As America rushes into the presidential campaign cycle, an article from the October 29, 1904, edition of The Outlook magazine captured my attention. In “Theodore Roosevelt: A Personal Sketch,” Outlook editor Lyman Abbott provides “a portrait” of Roosevelt for those considering whether to elect him President of the United States. Abbott addresses some of the common conceptions of Roosevelt’s character – his forthrightness, his perceived impulsiveness, and his reputation of being combative or a lover of war. I hope you enjoy these excerpts.
Mr. Roosevelt is, without any exception, the most outspoken man I have ever known. It would not be true to say that he wears his heart upon his sleeve, for this would give the impression of an emotional man whose acts and utterances are the product of his impulses. But it might be said that he carries his mind upon his sleeve. He is naturally without reserves, and absolutely without concealments. He can be silent, though he is not often so; but he cannot veil his meaning in ambiguous phrases, nor appear to be what he is not. My first impression was that his outspokenness would prove fatal to his political ambitions; but a somewhat careful observation has convinced me that between the childlike candor of Mr. Roosevelt and the sphinxlike silence of Mr. McKinley there is no safe middle ground. No one but his most intimate advisers knew what Mr. McKinley thought; every one who is admitted to half an hour’s conference with Mr. Roosevelt knows what he thinks. The safeguarding of the one lay in his almost impenetrable reserve; the popularity of the other is partly due to the fact that he treats every man as a friend worthy of his confidence; He has neither the inclination nor the ability to dissemble. He always is what he seems to be.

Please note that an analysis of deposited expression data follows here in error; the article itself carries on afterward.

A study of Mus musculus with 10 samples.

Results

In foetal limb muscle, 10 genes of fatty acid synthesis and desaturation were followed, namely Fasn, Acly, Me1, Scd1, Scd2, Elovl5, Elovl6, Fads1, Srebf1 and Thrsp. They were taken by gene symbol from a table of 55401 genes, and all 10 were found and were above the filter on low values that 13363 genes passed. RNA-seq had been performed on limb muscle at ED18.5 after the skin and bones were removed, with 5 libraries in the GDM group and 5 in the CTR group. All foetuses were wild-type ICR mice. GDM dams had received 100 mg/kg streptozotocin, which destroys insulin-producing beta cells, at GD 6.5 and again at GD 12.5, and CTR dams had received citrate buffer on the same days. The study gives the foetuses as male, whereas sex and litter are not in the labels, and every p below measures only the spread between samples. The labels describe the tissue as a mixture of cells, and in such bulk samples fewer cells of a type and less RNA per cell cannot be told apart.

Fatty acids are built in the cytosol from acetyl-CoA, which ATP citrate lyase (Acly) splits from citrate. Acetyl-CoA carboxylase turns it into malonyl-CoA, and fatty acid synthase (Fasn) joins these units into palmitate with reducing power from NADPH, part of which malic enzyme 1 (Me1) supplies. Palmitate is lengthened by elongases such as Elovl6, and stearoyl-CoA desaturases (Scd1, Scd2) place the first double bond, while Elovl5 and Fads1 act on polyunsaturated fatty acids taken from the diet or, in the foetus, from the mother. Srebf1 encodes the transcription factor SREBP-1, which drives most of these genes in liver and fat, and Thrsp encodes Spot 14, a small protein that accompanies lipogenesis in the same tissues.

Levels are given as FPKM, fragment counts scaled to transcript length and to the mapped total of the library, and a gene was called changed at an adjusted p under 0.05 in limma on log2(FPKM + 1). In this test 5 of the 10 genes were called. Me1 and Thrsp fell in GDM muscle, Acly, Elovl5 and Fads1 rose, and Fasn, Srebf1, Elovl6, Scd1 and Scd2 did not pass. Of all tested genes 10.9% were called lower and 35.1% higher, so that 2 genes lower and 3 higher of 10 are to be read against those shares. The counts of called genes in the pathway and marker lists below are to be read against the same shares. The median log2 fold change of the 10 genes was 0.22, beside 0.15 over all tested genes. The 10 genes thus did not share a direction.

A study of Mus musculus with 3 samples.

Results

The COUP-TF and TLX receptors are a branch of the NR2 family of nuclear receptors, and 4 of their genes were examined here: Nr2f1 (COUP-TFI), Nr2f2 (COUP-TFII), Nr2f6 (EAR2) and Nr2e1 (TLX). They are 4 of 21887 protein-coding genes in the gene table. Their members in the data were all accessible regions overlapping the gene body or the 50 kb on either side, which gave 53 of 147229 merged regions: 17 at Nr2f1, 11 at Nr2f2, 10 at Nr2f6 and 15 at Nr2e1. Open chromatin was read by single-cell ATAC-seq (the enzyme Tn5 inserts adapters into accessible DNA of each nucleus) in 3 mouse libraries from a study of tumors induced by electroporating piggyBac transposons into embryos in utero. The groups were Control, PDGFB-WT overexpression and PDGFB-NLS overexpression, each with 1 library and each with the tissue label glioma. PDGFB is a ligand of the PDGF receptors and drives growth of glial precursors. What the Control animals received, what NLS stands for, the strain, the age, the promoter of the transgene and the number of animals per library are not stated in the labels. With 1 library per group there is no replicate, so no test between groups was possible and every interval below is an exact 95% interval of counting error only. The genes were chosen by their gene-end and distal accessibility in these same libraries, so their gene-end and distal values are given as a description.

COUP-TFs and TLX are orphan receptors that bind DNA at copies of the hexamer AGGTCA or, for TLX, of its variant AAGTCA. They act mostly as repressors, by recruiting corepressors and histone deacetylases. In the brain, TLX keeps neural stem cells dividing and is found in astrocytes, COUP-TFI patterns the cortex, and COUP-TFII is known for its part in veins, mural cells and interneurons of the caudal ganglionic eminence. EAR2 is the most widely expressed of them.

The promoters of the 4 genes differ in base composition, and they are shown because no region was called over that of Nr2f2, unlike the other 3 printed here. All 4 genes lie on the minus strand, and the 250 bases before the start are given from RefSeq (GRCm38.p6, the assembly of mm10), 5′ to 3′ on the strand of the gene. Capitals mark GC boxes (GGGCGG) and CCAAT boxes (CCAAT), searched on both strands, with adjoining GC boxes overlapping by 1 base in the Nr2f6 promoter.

With this transparency of nature is coupled an extraordinary quickness of mental action. His mind is more rapid in its mental processes than that of any other man I have every personally known. If the reader…has ever seen an expert bookkeeper run his eye down a column of four figures and write the result at the foot with unerring accuracy and without hesitation, or an expert chess-player take in the whole field of action before him, appear to see in instant all the possible combinations and the probable outcome of every move, and without delay decide and act upon his course, he may form some idea of what I mean by quickness of mental action… It is the celerity of his mental processes, the unhesitating confidence he feels in the result, and the quickness of his action upon his conclusions, which, combined, have given him the reputation of impulsiveness. But in truth he no more acts upon impulse in his political decisions than the bookkeeper acts upon guess when he puts down the sum at the foot of his column, or the chess-player on chance when he moves his pawn or his queen….
His indomitable energy and his courage have given him, in certain quarters, the reputation of having a combative temperament and being a lover of war, and have made some men, who have not studied his character, unable to understand how Mr. John Hay could characterize him as a lover and maker of peace. Mr. Roosevelt has the temperament which leads him to enjoy overcoming obstacles. An easy life would be no joy to him. In 1200 he would have been a crusader, in 1700 a colonist, in 1800 a pioneer. With him, to see danger and difficulty is to covet the privilege of facing the one and endeavoring to overcome the other… He is a lover of life. And as long as there is a country to be saved, a humanity to be helped, a truth to be taught, a life to be enlarged and enriched, and obstacles to be overcome in the world’s work, so long he will be seen somewhere in the front, …ambitious…for an opportunity to do the hardest work, confront the greatest difficulty, and be wherever there is the greatest danger.
The Theodore Roosevelt Center gratefully acknowledges the friendship and generosity of Duane Jundt, who donated a copy of The Outlook magazine in which this article appears.